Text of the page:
Lincoln mill owner decries FERC probe

Posted Jan. 31, 2011, at 7:41 p.m.

LINCOLN, Maine — Without any form of due process or an explanation of the accusation’s economic scope, a federal agency has issued a public notice accusing Lincoln Paper and Tissue LLC of defrauding the public, mill co-owner Keith Van Scotter said Monday.

A Federal Energy Regulatory Commission Staff Notice of Alleged Violations released last week on FERC’s website claims that FERC staff “has preliminarily determined that Lincoln Paper and Tissue, LLC (Lincoln) violated the Commission’s Prohibition of Electric Energy Market Manipulation.”

The notice continues:

“Staff alleges that Lincoln violated [federal law] by engaging in a fraudulent practice to collect payments in the Day-Ahead Load Response Program (DALRP) operated by ISO New England, Inc. (ISO-NE). Specifically, staff alleges that Lincoln intentionally curtailed on-site generation during DALRP program hours when it enrolled in the DALRP. Staff believes that this practice artificially inflated the participant’s baseline load and misrepresented the participant’s load profile to ISO-NE.

“Staff also alleges that Lincoln took actions to ensure that its baseline did not appreciably change for over six months. Lincoln was paid for the difference between its inflated baseline load and its normal operational load as a ‘load reduction’ even though no load reduction actually occurred,” the notice continued. The alleged violations occurred from July 2007 through February 2008.

FERC officials contacted Friday said they could not comment on the specific allegations because they remain confidential at this point.

“We can’t discuss it because it’s nonpublic,” said Mary O’Driscoll, press secretary for FERC. “It’s just a process that works this way.”

Van Scotter said Lincoln Paper officials cooperated fully with the investigation, which began two years ago. But aside from the staff notice, which was released on Jan. 26, paper company officials have no idea of what they are accused of, he said.

“This is the damnedest thing I have ever seen,” Van Scotter said Monday. “This notice is going out and [with its publication on the FERC website] we are prosecuted, tried and convicted, and there have been no hearings, no due process of any kind. They have asked us for information, deposed me and some other people within Lincoln, and we were told this was a confidential investigation. Then this notice comes out.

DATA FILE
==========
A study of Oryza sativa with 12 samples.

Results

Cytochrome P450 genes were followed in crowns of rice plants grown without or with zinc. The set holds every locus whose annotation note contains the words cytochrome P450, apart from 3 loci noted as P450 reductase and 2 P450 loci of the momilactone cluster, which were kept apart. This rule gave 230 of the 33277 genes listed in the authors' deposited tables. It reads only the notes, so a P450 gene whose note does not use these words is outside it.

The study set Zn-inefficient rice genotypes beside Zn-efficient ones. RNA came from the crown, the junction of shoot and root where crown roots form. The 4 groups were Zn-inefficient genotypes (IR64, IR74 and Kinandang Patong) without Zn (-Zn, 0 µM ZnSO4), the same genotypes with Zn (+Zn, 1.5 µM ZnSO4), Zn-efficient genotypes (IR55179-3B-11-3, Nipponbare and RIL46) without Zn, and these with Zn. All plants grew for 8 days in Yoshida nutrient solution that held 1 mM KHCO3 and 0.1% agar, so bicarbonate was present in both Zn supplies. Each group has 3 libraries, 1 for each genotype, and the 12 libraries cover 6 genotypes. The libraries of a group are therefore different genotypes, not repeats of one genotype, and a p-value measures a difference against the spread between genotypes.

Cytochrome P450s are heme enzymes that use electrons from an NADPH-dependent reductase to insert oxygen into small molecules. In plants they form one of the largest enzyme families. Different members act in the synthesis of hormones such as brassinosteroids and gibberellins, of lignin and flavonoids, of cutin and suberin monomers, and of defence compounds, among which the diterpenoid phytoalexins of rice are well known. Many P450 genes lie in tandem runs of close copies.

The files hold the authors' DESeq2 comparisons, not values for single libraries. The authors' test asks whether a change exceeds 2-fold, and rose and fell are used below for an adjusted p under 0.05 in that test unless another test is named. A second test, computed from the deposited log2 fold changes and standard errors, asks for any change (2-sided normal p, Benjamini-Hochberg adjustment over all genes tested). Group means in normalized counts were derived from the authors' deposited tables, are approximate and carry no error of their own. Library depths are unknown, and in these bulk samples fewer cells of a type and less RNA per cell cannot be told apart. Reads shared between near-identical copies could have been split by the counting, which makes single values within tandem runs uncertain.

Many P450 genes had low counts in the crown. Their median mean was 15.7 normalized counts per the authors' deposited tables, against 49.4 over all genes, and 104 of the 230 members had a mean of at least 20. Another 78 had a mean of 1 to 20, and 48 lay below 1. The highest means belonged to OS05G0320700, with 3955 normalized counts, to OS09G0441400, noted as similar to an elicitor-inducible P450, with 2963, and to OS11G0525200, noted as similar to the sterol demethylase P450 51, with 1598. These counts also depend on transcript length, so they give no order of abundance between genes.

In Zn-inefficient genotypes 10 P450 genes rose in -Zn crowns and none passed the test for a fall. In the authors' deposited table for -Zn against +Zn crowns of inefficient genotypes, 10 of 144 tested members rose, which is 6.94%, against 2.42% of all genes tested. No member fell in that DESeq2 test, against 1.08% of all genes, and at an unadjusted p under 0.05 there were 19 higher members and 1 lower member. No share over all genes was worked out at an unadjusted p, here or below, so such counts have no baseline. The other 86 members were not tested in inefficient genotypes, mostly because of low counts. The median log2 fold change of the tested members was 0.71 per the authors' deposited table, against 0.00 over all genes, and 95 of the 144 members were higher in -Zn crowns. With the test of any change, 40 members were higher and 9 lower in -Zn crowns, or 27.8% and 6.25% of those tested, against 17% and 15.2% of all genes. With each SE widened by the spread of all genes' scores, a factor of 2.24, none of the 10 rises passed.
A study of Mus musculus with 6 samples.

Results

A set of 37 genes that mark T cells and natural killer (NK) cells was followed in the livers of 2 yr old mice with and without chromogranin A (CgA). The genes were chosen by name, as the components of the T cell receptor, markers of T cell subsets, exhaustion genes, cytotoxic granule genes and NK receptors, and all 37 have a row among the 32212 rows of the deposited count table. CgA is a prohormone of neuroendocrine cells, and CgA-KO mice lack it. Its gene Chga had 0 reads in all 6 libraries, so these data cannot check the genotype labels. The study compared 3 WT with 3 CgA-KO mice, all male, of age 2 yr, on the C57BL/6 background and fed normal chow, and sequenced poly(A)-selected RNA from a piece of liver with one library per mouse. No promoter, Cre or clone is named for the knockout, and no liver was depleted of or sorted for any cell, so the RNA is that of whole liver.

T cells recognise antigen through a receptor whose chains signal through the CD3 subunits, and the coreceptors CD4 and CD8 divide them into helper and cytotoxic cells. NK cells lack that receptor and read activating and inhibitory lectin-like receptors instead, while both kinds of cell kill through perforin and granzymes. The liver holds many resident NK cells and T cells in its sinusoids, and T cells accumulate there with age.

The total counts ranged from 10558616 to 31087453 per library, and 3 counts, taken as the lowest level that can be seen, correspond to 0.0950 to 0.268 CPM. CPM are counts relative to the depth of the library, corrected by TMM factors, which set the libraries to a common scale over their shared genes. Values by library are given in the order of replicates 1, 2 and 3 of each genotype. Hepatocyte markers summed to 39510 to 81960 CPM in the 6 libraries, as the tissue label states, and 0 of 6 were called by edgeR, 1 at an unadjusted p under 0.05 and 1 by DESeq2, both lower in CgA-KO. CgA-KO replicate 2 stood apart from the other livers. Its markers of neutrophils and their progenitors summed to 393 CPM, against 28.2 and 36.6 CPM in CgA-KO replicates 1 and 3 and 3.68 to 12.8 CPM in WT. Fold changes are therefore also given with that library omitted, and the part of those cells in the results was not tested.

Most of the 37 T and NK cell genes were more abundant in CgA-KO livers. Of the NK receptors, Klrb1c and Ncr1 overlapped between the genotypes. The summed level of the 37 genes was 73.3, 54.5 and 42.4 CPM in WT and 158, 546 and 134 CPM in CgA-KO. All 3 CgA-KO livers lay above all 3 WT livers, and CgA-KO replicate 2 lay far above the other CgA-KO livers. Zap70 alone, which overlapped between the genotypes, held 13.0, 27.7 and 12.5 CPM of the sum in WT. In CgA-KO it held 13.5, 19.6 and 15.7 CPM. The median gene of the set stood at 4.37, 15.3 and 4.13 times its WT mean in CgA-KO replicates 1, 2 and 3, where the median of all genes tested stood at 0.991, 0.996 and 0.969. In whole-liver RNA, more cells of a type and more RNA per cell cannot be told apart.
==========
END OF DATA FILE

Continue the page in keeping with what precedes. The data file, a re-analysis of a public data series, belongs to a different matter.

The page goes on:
“We have no idea how they reached this conclusion,” he added.

As part of its operations and DALRP, Lincoln Paper can be paid by ISO New England, which operates the electric utility grid in New England, not to draw electricity from the grid, or to draw less, including on days when the grid might be too overloaded to handle Lincoln Paper’s demands, O’Driscoll said.

LP&T has its own generator and can make as much as 13 megawatts of electricity to meet its own demands.

Officials at ISO New England declined to comment on the matter when contacted Friday.

FERC officials last contacted Lincoln Paper about a year ago, Van Scotter said.

When Lincoln Paper attorneys contacted FERC last week to ask about the notice, FERC officials said that the agency “was ordered to release [the notice] on a rushed basis by FERC commissioners,” Van Scotter said.

Officials from the regulatory agency are due to meet with Lincoln Paper officials in Washington, D.C., on Wednesday, he said.

The commissioners are attempting to comply with a federal law passed in 2009, requiring FERC to operate with more transparency, O’Donnell said. The law came in response to complaints that FERC was settling investigations without any significant public notice or involvement. The notice released on Jan. 26 was among the first notices publicly released in compliance with the new law, she said.

FERC is an independent agency that regulates the interstate transmission of electricity, natural gas and oil.

When asked whether he found outrageous FERC’s release of the notice, Van Scotter wryly replied that he won’t know whether he would consider it so until Wednesday’s meeting.

“We are very concerned about how this is handled,” Van Scotter said. “We want to ensure that we follow all laws and regulations, and we put a lot of effort into doing that.”

As the process typically runs, FERC’s investigators and commission can determine whether a complaint is unsubstantiated, settle a complaint or take an alleged violator to federal court, O’Donnell said.

FERC has been investigating complaints for about five years.